Anyone passing through the Pass of Keimaneigh between Ballingeary and Kealkil recently will have noticed the new Monument. As you travel West towards Kealkil it stands beside the road in a small cutting to your left as you approach the top of the hill.
This Monument is the joint effort of the Ballingeary Historical Society and the Bantry Historical Society, and the members of both Organisations have been working for several years to bring it to fruition.
We are very indebted to Pat Twomey of Curraglass Townland in Bantry who has provided the land on permanent loan.
The site is particularly relevant in that it lies where the old road parts company from the new road. The new tarmacked road is of course what we now think of as the Bantry Road. It did not exist at the time of the battle in1822, but was built soon after, about 1830, as a result of the battle and the difficulties which the Authorities had in bringing troops up to the Pass. This new road was built by James Barry the notorious landlord from Kilbarry House. You can see the line of the old road rising steeply from you up the hill towards Doughill Mountain on your left. From this point the old road can be traced right the way through to Tooreendubh where it drops down into the valley of the River Lee again.
The Cork County Council team under Gearoid Hayes have cut a crescent shape into the piece of land, and erected the plaque on a large irregular shaped slab of local old red sandstone.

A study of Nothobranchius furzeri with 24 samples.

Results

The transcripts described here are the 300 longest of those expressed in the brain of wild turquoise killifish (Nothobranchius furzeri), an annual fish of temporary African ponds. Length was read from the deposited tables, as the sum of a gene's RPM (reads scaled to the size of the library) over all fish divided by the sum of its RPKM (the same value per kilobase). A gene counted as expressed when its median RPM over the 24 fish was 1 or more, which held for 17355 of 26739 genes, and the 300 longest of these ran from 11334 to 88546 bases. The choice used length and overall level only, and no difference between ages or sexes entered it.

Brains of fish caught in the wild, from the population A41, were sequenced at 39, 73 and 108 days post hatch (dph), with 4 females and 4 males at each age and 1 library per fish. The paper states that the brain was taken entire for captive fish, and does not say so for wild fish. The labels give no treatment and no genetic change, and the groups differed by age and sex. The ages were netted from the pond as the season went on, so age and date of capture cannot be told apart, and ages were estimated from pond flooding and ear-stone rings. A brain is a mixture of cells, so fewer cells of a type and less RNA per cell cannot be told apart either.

The plaque is inscribed as follows:
"I gcuimhne na bhfear a cailleadh i gCath Cheim an Fhia
in Eanair na bliana 1822.
Mícheál Ó Cathasaigh, Barra Ó Laoire, Amhlaoibh Ó Loinsigh,
(Buachaillí Bána Áitiúla).
Seán mac Gabhann (Fórsaí na nGall).
Crocadh Éamonn Ó Rinn i Márta 1822.
Ar dheis Dé go raibh a n-anamacha."
"To commemorate those who died at and after the Battle of Keimaneigh
January 1822. Michael Casey, Barry O'Leary, Auliffe Lynch,
Edward Ring (local Whiteboys)
John Smith (Crown Forces)
May they rest in peace."
It will be seen that the plaque commemorates the three local men who were killed during the battle, together with the English soldier Smith, who was also killed. Another man, Edward Ring was captured, tried at Cork Assizes, condemned to death, and hanged at Deshure with five others from other parts of the County.
Although described as Whiteboys on the plaque, it is more accurate, historically, to call them Rockites, the name they used themselves.
The story of the Battle of Keimaneigh was described in detail in Journal No.1.
Briefly, it was a protest against the Tithe system, High Rents, Eviction at will and the other abuses inflicted on tenant farmers by the Landlords. The young men who gathered above Keimaneigh that January in 1822 in appalling weather, were a small but important part of the general movement throughout the Country to rid us of tyranny, and we should not forget them and their contribution.